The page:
31 March 2012

9:00 AM

31 March 2012

9:00 AM

No Time Like the Present Nadime Gordimer

Bloomsbury, pp.421, 18.99

What happens to a novelist who becomes the conscience of a nation? Nadine Gordimer, who is now 89 and whose writing career began in the 1940s, has represented the progressive white intelligentsia of South Africa through a large corpus of fiction and essays, exploring personal and political morality with passionate lucidity through the apartheid years and beyond. She has long been internationally admired, winning the Booker Prize with The Conservationist in 1974 and the Nobel Prize for Literature in 1991.

This latest book, a study of the troubled state of her nation after apartheid, is outspoken and unflinching. Her courage and her moral stature are unquestionable; but as this novel demonstrates on every page, her distinction now appears to be more to do with content than style, and the message has come to count for more than literary skill.

Even so, this is an important and highly topical book about how hard it is to sustain hope and idealism in the wake of a revolution. It revolves around one couple: Jabu, a black woman from a Christian Zulu family and Steve, a white South African whose mother was Jewish, have been together since meeting as students in the bush in Swaziland, on the run from the apartheid regime and dedicated heart and soul to the Struggle. He is an industrial chemist turned academic, who in the past made explosives for sabotage; she is a rising lawyer. Once lovers obliged to marry in secret, when the novel begins they are at last living openly in a rented flat with their baby daughter and starting to build a normal happy life together. Predictably, this is not so easy; there are awkward choices ahead.

Before long they surrender to bourgeois capitalism, buy a house and move to the Suburb, where they are surrounded by old comrades, black and white, with shared values and similar hopes. They make friends with a gay household with a shared swimming pool; their careers prosper, especially hers; they have a son, Gary Elias. Jabu makes regular visits to her admired father, a respected Methodist minister and community leader, and brings Wethu, a cousin, back from the country to help with the children. Steve is taken aback when one of his brothers takes up Judaism in earnest, but the families appear to get along fine, though Gordimer is beady-eyed about the way sister-in-law Brenda proves her lack of prejudice by hugging Jabu whenever possible.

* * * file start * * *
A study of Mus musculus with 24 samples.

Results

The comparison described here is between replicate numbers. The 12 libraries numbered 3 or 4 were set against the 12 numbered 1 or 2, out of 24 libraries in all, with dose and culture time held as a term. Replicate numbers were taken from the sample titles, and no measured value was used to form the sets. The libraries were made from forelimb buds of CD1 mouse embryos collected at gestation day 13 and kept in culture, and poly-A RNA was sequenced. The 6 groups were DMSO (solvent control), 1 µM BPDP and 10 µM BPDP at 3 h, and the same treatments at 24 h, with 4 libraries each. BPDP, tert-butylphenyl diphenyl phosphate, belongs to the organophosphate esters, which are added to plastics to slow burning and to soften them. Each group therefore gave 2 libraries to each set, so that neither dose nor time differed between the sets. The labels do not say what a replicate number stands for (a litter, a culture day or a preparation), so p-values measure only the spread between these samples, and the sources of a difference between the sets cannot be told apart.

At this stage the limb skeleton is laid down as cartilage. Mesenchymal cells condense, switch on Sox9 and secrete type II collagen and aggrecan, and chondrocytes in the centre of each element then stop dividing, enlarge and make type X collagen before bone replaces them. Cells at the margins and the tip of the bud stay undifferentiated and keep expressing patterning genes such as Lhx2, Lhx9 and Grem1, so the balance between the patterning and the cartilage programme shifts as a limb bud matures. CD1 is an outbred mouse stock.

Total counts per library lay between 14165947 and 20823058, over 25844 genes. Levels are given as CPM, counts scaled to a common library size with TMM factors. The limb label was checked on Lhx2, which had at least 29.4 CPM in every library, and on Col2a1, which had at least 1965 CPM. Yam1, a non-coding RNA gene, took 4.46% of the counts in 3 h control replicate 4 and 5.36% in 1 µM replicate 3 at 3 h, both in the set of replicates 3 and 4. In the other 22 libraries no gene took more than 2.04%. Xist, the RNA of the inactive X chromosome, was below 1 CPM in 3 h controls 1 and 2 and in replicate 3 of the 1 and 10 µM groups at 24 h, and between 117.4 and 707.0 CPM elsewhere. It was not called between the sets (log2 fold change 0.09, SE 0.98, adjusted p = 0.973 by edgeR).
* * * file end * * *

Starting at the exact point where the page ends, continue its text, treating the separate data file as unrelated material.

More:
Gradually, the bright dreams of a fairer society are threatened by continuing inequality and increasing violence. One of the comrades is badly injured in a carjacking; Steve’s university grapples with falling educational standards. While poverty increases, former heroes of the Struggle, now leading politicians, feather their own nests. The story of Jabu and Steve’s increasing disillusionment unfolds against the background of the rise of Jacob Zuma and the erosion of the ANC’s moral authority as sexual and corruption charges swirl around him.

For both of them, the national dilemma is as much personal as political. Steve finds himself secretly investigating emigration to Australia, while Jabu is profoundly shocked when her father’s allegiance to Zuma, a fellow Zulu, is unaffected by a rape case. Neither of them, in the end, is prepared to bring up their children in the new South Africa, the society they had fought so hard for but whose leaders they cannot respect.

Gordimer has written an angry, melancholy, brave book. But the reader is obliged to struggle with prose written in convoluted, ungrammatical sentences, part stream-of-consciousness, part interior monologue. What can the following possibly mean? ‘Black is being black that’s all, has been; in some circumstances, still is.’ Or: ‘When he made love he had within the ecstatic ineffable there was perhaps something he was not, could not be aware of’? It must be far from easy to edit a Nobel prizewinner of nearly 90; but it is a great pity that the publishers failed to do so.